Queen Elizabeth II: Theresa May shares funny cheese anecdote
“The hamper came from the castle and we all mucked in to put the food and the drinks on the table.
“I picked up some cheese, put it on a plate, and was transferring it to the table – the cheese fell on the floor.
“I had a split-second decision to make. I picked up the cheese, put it on the plate and put it on the table.”
She continued: “And I turned around to see that my every move had been watched very carefully by Her Majesty the Queen.
She continued: “This is indeed a sad day but it is also a day of celebration of a life well spent in the service of others.
“There have been many words of tribute to describe Her Majesty Elizabeth II. But these are not hype, they are entirely justified.
“She was our longest-serving monarch, she was respected around the world, she united her nation in time of trouble.
She added: “She gave an example to us all of faith, of service, of duty, of dignity, of decency. She was remarkable and I doubt we will ever see her like again.”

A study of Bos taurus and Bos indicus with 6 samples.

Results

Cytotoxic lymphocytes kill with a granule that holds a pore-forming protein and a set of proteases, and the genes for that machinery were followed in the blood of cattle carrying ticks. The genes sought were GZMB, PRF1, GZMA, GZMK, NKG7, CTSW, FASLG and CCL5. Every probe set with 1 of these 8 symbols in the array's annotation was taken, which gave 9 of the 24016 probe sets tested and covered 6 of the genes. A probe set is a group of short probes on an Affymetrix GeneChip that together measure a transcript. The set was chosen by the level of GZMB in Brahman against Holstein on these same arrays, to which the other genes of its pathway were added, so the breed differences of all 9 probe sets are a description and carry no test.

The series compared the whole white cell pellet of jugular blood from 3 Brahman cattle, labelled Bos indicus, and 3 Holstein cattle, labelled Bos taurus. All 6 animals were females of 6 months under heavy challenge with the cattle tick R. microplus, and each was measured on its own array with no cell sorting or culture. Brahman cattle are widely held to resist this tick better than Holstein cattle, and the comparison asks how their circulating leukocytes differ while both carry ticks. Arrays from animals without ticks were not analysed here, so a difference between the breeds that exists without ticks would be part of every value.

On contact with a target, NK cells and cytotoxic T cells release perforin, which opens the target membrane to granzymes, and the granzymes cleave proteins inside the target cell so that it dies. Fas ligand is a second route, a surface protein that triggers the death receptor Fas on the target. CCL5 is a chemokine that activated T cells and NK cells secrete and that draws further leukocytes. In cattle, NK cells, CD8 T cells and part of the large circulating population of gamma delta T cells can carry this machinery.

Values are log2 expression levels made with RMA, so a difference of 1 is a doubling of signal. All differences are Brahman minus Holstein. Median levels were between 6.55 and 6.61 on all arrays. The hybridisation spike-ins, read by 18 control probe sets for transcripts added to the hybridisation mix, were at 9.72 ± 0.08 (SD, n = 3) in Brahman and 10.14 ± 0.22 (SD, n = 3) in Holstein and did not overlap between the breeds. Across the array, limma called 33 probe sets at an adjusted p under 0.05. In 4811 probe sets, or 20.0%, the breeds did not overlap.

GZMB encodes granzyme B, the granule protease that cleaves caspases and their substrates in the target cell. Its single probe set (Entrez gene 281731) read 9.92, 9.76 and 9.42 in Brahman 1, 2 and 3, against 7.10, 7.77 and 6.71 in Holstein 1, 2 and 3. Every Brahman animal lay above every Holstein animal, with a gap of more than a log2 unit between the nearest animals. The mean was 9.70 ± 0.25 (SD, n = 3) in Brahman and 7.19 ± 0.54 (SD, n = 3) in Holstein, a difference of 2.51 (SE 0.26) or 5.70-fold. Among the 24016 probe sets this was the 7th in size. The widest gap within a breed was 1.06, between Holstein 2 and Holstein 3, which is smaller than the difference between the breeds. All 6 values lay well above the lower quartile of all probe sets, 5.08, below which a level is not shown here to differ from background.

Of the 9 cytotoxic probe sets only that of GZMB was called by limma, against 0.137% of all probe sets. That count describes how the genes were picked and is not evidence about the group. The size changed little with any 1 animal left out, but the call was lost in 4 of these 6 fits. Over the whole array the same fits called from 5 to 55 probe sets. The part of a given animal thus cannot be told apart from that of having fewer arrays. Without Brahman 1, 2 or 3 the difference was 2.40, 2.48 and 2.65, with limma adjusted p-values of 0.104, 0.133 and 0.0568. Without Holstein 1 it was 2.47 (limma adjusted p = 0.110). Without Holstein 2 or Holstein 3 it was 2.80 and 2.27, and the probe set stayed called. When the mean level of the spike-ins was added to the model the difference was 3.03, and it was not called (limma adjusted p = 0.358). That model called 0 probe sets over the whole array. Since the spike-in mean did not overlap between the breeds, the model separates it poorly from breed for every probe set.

Mrs May earlier on Friday said her audiences with the “immensely knowledgeable” Queen were the only meetings as leader where everything that was said would remain private.
She told the BBC Radio 4 Today programme that the meetings involved “talking about the affairs of the day, in a sense tapping into her wisdom and that knowledge that she had from her great experience”.
She added: “She was a very acute judge of people and was able often to give those little, if you like, pen portraits of people that she knew, that she’d met.
“And sometimes it was a case of not just the individual but actually a sort of history of that individual, of her experiences of particular countries, particular issues.”
Paying tribute to the Queen’s warm nature, Mrs May said: “There was often that twinkle in the eye, and that magnificent smile that would break out and that calmed so many people’s nerves and made so many people feel at ease.”